Reading Matters

High praise for David Payne’s memoir ‘Barefoot to Avalon’

the L.A. Times

This is Natalie Baszile writing for The Millions Year in Reading 2016

I’m a huge Charlie Rose fan. I DVR his show and watch it in the evenings while I eat chocolate pudding. I love Rose’s interview style — engaged but relaxed; the hint of North Carolina accent, and the fact that when the camera pans back too far, I can see his New Balance sneakers. There’s something about that dark set that comforts me. No fake skyline, no news crawl along the bottom of the screen. Just a black backdrop and two glasses of water on the big oak table.

Last March, Rose interviewed author David Payne, whose new memoir, Barefoot to Avalon, had just been released. I’d never heard of David Payne. But I leaned forward when Rose mentioned that David Payne was known for his long, meandering sentences. I love a lyrical, beautifully crafted sentence that takes me on a journey, and by the time Payne finished reading the opening pages of chapter one, the scene where he and his younger brother pack up Payne’s Vermont house and load the last of his possessions into the rented U-Haul so Payne can drive to North Carolina to salvage his marriage, I’d set down my chocolate pudding and found the book on Amazon.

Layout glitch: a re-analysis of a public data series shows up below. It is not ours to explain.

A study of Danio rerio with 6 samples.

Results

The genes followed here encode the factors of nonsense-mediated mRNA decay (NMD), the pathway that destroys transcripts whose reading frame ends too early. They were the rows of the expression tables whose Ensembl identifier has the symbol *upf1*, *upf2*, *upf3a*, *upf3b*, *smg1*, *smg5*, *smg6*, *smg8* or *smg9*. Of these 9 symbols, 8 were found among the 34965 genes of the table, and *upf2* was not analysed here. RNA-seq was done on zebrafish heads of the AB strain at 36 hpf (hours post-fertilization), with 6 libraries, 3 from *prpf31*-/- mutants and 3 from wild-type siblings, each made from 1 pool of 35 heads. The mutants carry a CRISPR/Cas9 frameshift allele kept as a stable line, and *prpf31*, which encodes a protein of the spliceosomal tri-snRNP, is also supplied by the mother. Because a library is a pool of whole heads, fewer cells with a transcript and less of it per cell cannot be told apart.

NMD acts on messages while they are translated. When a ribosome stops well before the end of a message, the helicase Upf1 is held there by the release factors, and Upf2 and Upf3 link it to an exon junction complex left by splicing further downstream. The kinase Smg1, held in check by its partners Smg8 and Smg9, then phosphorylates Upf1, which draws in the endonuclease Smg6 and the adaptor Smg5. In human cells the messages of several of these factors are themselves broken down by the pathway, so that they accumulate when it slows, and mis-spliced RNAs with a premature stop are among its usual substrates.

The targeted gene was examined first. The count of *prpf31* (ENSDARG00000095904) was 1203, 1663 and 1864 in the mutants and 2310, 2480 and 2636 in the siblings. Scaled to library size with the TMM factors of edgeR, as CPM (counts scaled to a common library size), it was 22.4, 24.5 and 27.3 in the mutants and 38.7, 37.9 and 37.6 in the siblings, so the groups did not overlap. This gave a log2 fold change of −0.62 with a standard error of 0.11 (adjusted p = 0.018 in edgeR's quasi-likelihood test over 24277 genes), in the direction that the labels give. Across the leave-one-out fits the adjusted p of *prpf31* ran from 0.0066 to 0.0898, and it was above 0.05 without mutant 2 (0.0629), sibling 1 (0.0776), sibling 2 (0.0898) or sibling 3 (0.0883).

They were out of stock. The next morning, I headed to my local bookstore to see if they had any copies. No luck, the clerk said. They’d sold out. He offered to order a copy, but it was backordered from the publisher and wouldn’t be in for a week. I had to have that book. So, I downloaded the audio version and listened for the entire six-hour drive to Los Angeles the next day and for the entire six-hour drive back. I didn’t stop for food. I didn’t stop to pee. I just stared through the windshield and gripped the steering wheel, carried along the twisting path of Payne’s wrenching narrative of alcoholism and generations of family dysfunction.

Payne is indeed the master of the long sentence, but also of the extended metaphor, time and space. By the time I got back to San Francisco, my dashboard light was blinking. I had less than a mile’s worth of gas left in my tank. When my hard cover arrived, I sat down with a cup of tea and started at page one. I already knew the story, but now I needed to absorb it. That’s how good this book is.